Additional Poetry Exercises Help
Exaggerate, An Exercise by Poet Susan Rich
Susan Rich shares an exercise she invented for a recent poetry-writing workshop based on the interconnections between poetry and food, for:
There is no love more sincere than the love of food.
—George Bernard Shaw
At a poetry writing workshop at Lower Columbia College in Longview, Washington, I was teaching based on the interconnections between poetry and food. I had people introduce themselves with one sentence that began with their name and then mentioned a food they either loved or loathed. Going around the very large circle provided a diversity of foods and expressions. I was amazed at how passionate and confident people were when they spoke of their own personal preferences. Jeannine loved sauerkraut; Barry loathed chocolate ice cream. We expanded on those first lines with a sense of play, going wild: making chocolate a reason to live, saying we'd rather die than eat chopped liver again to create energetic and entertaining pieces.
One person started with "I'm Karen and I love wild salmon." In her poem of exaggeration, the wild salmon became a very sexy boyfriend waiting for her with a freshly prepared dinner when she came home from work. Of course, once the poem gets going the first line that the poet started out with often becomes obsolete. Although sometimes a first line, like this one, sticks: "There should be a law against a cheese smarter than me."
Enlist Poets Who Came Before You, A Second Exercise from Susan Rich
Rich tells her students:
Why choose a dead mentor? How might this help in your development as a writer? Well, for one thing, it is practical. Your relationship can transcend place and time. Pablo Neruda will not be too busy at Isla Negra to work with you. His poetry, prose, and even his memoir will be available whenever you are. Elizabeth Bishop could be demanding in person, but her poetry, letters, and paintings are smart companions. You can transcend boundaries of ethnicity, race, gender, ideology in order to learn what you need. Most importantly, you will have a poet-guide to keep you company.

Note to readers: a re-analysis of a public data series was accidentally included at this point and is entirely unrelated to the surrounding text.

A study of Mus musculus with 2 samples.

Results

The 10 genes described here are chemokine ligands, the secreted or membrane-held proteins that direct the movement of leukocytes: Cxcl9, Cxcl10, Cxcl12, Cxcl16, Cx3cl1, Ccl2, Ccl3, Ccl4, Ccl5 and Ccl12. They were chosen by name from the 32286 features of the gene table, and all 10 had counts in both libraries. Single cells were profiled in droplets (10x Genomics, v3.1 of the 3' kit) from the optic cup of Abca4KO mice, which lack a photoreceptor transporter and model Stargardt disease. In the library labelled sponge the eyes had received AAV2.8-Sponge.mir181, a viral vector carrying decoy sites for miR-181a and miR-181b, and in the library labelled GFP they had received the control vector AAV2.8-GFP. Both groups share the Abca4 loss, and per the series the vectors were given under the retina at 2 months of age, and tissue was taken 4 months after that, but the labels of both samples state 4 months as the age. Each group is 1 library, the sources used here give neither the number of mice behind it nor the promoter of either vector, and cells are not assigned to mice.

To begin your search for the poet you want to be your dead mentor, compose a personal ad. Rich suggests:
In 100 words or less, describe your ideal mentor. It's important to ask for what you want. This process is meant to help you identify who you want to take on as your mentor. It's a decision that merits some reflection. Here are some questions to get you thinking. Should she (or he) be serious or sexy? An avid outdoors person or a bibliophile? What matters to you most? Brilliance or bravado? Is it important that your mentor worked in several genres? Do you envision a poet from Romania or the Pacific Northwest? Do you prefer that they are a genius or a prolific letter writer?
When you have selected the poet, begin a conversation:
Choose one poem from your mentor's work. Double-space out the lines of the poem in your notebook so that you can insert your own lines in-between. See what your own lines might say to the printed ones. Ask questions, further your mentor's thought, make a joke. Another take on this exercise is to merely "borrow" a refrain or a line of the chosen poem and use it as your own starting point.
Next, make imaginative leaps:
Write a monologue from the perspective of your mentor's neighbor, beloved cat, teakettle or spurned lover. What might we learn about Emily Dickinson from her next-door neighbor? How did William Carlos Williams apologize to his wife after a fight? If you are obsessed with your mentor, especially if you feel quite in awe of their work, this exercise will make it easier to spend time together.
Now that you have been mining your experiences for poems in free verse, let's turn to trying out four of poetry's many traditional forms: haiku and tanka, on the short side; the villanelle, which is of medium length and uses repetition; and ekphrastic poetry, which is longer.